Sound of tinkling glass a sign of the times at Glide Memorial UMC

January 31, 2008

By Jeneane Jones

Director of Communications


Glide has been a San Francisco Tenderloin landmark since the early 1930s and a beacon of light and warmth for the city’s homeless for decades – a vision made reality by its Pastor Emeritus, the Rev. Cecil Williams.


Located in one of San Francisco’s harshest urban neighborhoods, it takes great pride in distinguishing itself as the church without borders, welcoming all comers and being especially mindful to accept those marginalized by socio-economic status. An international epicenter of cultural diversity and activist spirituality, as its website states, Glide’s message of ‘faith becoming works’ has brought it international acclaim. In a city where only the smallest minority consider themselves Christian, its Sunday celebrations and social outreach have earned it respect and even celebrity status, from those who otherwise find little worth in church. A Google of “Glide” finds Web blogs touting tourist stories of those who’ve joined Glide’s volunteer movement to help in its famous kitchen, preparing as many as a million meals a year for the hungry and downtrodden. “It’s a church, something I normally stay away from,” reads one message, “but…the social work is impressive.”


Glide’s innovative child care, drug rehab, jobs programs, and affordable housing have touched the lives of millions in San Francisco and shown the U.S. and the world what servant-hood ministry can accomplish.


Cutting-edge ministry notwithstanding, one part of Glide’s witness has, surprisingly, remained far from the edge. Never has a woman been appointed as part of the pastoral staff at Glide. The “stained glass ceiling” separating female clergy from the pulpit has remained shatterproof. But on Sunday, March 2, 2008 that changes, as the Rev. Karen Oliveto (shown at left) delivers her first sermon as Glide’s newest pastor.


“Karen has outstanding gifts for ministry, she knows San Francisco, and has been a caring and compassionate pastor with a heart for the disenfranchised,” said Bishop Beverly J. Shamana, who called her appointment of Rev. Oliveto to the Glide pulpit “historic.”


“I am very pleased to appoint Rev. Oliveto to the pastoral staff at Glide. Her ministry at Bethany UMC was known for its radical inclusion of Gay, Lesbian, Transgendered, and Bisexual persons seeking the open door to the love of Jesus. She will help Glide break through the stained glass ceiling as it receives its first woman pastor under appointment. She’ll be great!”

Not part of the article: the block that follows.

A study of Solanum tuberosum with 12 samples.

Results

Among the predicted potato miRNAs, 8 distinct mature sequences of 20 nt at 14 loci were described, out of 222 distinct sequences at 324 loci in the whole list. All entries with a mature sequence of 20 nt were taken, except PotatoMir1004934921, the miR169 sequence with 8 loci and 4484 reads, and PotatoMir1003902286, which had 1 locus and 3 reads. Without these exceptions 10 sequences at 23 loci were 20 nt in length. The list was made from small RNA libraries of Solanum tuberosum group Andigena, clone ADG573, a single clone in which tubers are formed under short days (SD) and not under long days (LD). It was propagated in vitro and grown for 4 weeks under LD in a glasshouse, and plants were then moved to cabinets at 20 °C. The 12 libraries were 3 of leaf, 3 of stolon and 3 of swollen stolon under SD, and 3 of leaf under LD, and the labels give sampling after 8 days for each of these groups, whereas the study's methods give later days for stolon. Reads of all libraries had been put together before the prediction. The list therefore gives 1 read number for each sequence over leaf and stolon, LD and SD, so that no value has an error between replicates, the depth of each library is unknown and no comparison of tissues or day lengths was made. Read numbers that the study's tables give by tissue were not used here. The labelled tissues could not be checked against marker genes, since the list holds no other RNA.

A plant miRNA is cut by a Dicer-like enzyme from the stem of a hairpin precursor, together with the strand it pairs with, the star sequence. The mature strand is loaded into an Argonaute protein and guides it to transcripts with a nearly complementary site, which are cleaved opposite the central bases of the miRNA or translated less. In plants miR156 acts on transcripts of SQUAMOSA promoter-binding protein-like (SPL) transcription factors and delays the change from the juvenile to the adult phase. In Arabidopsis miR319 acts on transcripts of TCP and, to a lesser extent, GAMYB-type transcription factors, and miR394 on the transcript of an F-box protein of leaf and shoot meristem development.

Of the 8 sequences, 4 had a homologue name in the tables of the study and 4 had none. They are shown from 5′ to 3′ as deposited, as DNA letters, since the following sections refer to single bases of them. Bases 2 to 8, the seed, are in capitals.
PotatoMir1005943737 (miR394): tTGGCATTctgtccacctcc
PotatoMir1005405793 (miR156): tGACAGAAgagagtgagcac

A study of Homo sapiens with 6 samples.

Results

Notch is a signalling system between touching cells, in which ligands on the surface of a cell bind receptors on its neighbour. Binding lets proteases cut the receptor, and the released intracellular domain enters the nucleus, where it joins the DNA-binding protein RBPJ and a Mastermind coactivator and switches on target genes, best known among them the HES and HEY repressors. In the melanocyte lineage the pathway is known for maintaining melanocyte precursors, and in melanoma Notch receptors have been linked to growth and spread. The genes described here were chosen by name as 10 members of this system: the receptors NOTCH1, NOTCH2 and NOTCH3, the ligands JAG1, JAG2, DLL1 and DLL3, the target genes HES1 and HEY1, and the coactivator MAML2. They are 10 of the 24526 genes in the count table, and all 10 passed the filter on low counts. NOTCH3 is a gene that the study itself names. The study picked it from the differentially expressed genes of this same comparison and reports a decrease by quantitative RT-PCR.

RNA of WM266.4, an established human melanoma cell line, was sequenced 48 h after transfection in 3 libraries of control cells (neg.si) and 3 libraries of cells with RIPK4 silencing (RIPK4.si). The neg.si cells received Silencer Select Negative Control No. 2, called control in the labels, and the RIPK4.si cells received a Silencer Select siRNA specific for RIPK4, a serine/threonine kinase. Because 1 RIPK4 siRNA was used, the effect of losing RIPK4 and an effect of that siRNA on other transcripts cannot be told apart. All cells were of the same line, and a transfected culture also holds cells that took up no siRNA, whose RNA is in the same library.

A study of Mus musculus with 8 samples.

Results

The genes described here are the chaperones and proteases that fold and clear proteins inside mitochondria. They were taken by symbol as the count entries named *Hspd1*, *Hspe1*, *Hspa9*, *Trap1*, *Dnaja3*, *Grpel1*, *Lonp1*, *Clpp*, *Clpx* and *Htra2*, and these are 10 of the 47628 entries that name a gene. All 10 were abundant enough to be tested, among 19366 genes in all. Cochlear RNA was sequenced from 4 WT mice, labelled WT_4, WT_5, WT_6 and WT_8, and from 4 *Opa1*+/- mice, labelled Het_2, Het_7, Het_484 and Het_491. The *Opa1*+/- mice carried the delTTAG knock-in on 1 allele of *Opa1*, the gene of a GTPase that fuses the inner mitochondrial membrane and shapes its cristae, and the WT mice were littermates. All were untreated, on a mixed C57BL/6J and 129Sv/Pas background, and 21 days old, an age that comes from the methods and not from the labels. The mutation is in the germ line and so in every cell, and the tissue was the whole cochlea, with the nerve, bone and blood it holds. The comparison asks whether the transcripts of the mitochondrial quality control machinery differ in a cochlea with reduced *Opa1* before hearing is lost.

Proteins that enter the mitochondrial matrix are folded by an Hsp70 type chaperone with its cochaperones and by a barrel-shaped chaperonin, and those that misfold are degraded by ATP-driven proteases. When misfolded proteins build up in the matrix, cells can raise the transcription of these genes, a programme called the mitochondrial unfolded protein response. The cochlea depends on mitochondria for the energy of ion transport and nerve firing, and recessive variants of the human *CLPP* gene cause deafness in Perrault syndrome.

The Rev. Don Guest, appointed by Bishop Shamana in 2006 to lead Glide, says the church’s mission – though successful – has come at a cost, and uses the story of the Israelites to explain.


“Success can be dangerous…those who respond to the prophetic call of the kingdom of God must constantly struggle [against] the temptation to think ‘We’ve arrived.’”


Guest sees the appointment of Oliveto as a long awaited opportunity for Glide to respond anew to the challenge of equality. Just as women are part of the church’s community, Guest says it is time women are “included in the prophetic leadership reflecting the surrounding population. Karen is going to complement and highlight the full passel of values that the United Methodist Church has to offer the 21st century.”


Rev. Oliveto comes to Glide after serving as Associate Dean of Academic Affairs at the Pacific School of Religion in Berkeley, California for four years. As adjunct professor she taught courses in 21st Century Evangelism and History and Doctrine of the United Methodist Church. She says, “I am looking forward to working in partnership with Rev. Don Guest as part of Glide’s pastoral team, continuing the tradition of visionary, bold, and prophetic leadership which Rev. Cecil Williams has so powerfully embodied.”


Oliveto said continuing that tradition will ensure “that the Glide community will remain equipped to be a hopeful agent of liberation, transformation, and empowerment within the city of San Francisco and beyond.”


Guest says there’s no need to think Oliveto’s new role will be window dressing. “We are both going to be pastors here. No one wants a visit from a co-pastor. We are both going to be pastors with equal standing. Perhaps it’s a new paradigm for the United Methodist Church, but after all, this is Glide.”